Connecting Extreme Weather Dots Across the Map
Talking about the weather isn't small talk any more.
I took a cross-country road trip in late June that became a race to outrun the triple-digit heat waves that have literally buckled highways between the Midwest and the East Coast.
The record-breaking scorcher was an apt send-off. As I weaved my way across the United States, I found the consequences of extreme weather everywhere I looked.
After the heat, the first sign of something unusual came in Iowa. There, every creek I crossed seemed to overflow its banks. Water pooled in cornfields.
By the time I reached Nebraska, radio advisories warning about bridges closed due to swollen waterways seemed routine.
Late one night, I pulled under an overpass between Sydney and Potter, Nebraska to find refuge from hail big enough that it cracked my windshield. There, I met an off-duty police officer who said he's spending more and more time cleaning up after an increasing number of tornados and micro-bursts like the one we were trapped in.
Meanwhile, the drought-wracked southwest was blazing. New Mexico was experiencing the largest wildfire in state history, and an all-out battle was being waged by firefighters to steer the flames away from Los Alamos National Laboratory, where radioactive material for making nuclear weapons is housed. Now the concern is contaminated soil being washed into the Rio Grande by flash floods in deforested canyons. Fires in New Mexico, Arizona, Texas, Florida, Georgia, and Colorado are adding up to a record-setting wildfire season.
This year's waves of floods and fires followed the unprecedented series of tornados that hammered towns in Missouri, Alabama, Kansas, Arkansas, Minnesota, and Massachusetts.
Talking about the weather isn't small talk any more. Something is amiss.
But for some reason we're loathe to take the next step and connect the dots of extreme floods, heat waves, droughts, and storms popping up across the map to reveal the bigger picture: climate change.
For years, scientists have told us that as the planet warms up, we can expect changes in whole patterns of weather and in trends like how much moisture the atmosphere will hold. Some places will get dryer, others wetter, and others hotter. In its 2010 State of the Climate report, the National Oceanic and Atmospheric Administration traced some 41 indicators showing that broad shifts and individual extreme events that have occurred over the past year are indeed consistent with scientists' predictions of a warmer world.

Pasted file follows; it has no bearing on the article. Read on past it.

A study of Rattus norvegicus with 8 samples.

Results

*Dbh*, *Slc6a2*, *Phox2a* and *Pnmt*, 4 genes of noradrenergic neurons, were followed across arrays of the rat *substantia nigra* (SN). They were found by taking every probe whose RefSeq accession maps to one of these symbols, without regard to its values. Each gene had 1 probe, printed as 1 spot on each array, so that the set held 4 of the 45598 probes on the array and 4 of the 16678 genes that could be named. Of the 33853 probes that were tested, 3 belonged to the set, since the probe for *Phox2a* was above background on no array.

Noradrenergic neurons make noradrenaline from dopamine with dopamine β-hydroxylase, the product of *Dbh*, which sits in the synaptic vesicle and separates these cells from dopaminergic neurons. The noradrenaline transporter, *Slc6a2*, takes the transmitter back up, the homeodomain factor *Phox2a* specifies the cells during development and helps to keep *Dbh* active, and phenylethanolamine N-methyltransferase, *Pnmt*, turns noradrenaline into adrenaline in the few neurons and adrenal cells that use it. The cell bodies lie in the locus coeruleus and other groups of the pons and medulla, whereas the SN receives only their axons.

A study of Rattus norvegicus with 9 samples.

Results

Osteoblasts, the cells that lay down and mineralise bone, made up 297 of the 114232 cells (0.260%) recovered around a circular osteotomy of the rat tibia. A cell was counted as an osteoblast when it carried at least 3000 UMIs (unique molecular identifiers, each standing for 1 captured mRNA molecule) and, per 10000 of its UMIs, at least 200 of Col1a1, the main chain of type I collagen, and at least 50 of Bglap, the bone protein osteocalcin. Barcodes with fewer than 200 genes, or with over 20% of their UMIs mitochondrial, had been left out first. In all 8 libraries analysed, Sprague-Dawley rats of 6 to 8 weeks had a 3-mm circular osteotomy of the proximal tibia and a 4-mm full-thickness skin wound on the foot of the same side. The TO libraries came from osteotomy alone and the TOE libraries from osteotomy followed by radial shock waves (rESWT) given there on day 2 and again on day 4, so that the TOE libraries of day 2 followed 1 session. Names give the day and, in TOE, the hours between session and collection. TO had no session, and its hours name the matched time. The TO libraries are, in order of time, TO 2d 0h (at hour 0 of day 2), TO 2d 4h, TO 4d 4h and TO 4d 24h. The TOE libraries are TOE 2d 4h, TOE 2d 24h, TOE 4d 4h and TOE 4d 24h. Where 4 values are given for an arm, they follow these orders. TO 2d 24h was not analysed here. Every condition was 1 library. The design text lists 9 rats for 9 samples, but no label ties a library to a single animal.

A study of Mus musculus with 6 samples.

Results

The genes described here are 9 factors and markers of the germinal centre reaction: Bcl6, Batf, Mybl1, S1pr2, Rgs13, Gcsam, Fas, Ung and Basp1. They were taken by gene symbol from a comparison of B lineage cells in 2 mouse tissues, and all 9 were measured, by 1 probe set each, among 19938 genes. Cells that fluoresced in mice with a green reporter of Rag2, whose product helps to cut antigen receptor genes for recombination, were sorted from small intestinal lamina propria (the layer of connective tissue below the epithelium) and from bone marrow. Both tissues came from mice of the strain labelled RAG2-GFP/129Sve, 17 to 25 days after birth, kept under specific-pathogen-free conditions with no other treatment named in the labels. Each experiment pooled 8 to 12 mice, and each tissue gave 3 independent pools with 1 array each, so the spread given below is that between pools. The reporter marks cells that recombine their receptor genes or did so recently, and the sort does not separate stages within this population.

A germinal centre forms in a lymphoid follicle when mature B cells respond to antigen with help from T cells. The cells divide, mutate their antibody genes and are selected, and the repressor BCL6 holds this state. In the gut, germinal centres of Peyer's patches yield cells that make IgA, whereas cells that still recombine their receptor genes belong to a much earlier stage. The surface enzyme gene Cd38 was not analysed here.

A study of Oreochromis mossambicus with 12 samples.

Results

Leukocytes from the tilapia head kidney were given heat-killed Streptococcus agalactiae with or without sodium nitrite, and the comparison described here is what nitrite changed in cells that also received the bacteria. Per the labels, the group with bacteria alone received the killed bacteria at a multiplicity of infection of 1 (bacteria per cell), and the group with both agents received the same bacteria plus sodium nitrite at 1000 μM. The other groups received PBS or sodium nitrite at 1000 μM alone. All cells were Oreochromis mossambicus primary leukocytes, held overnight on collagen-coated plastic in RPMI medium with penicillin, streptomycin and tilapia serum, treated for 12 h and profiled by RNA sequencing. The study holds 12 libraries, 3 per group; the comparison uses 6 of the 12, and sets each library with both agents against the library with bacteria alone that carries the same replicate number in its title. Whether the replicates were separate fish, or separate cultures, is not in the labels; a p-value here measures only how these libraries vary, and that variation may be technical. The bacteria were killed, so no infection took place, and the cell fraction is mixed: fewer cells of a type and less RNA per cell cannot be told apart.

Notably, for the first time two studies published in the journal Nature have demonstrated a cause-and-effect relationship between climate change and increased rain and snow events, and thus with increased flood risk.
The question before us now is not whether the natural disasters making headlines across the United States are somehow connected, but why we are so reluctant to connect them.
My theory is that it's just too scary. If we admit that these extreme weather events have something to do with a global system, it feels too complicated to do anything about or prepare ourselves for. If we accept that climate change is something caused by the way we consume and produce everything from food to fuel, then we also have to admit that we need to fundamentally change the way our economy works.
But no matter how daunting the challenge of climate change, we have to get our heads out of the sand. If we don't, the rising waters will drown us.
We need to demand investment in ideas and infrastructure that will reduce our emissions and create good jobs like rapid public transit, renewable energy systems, energy efficient buildings, and local food production.
We have to rein in the power of corporate interests like coal, oil, gas, and big agriculture that take government handouts with one hand and push us deeper into ecological chaos with the other. And we have to strengthen the social safety net that will catch and care for families when the inevitable natural disasters hit vulnerable communities.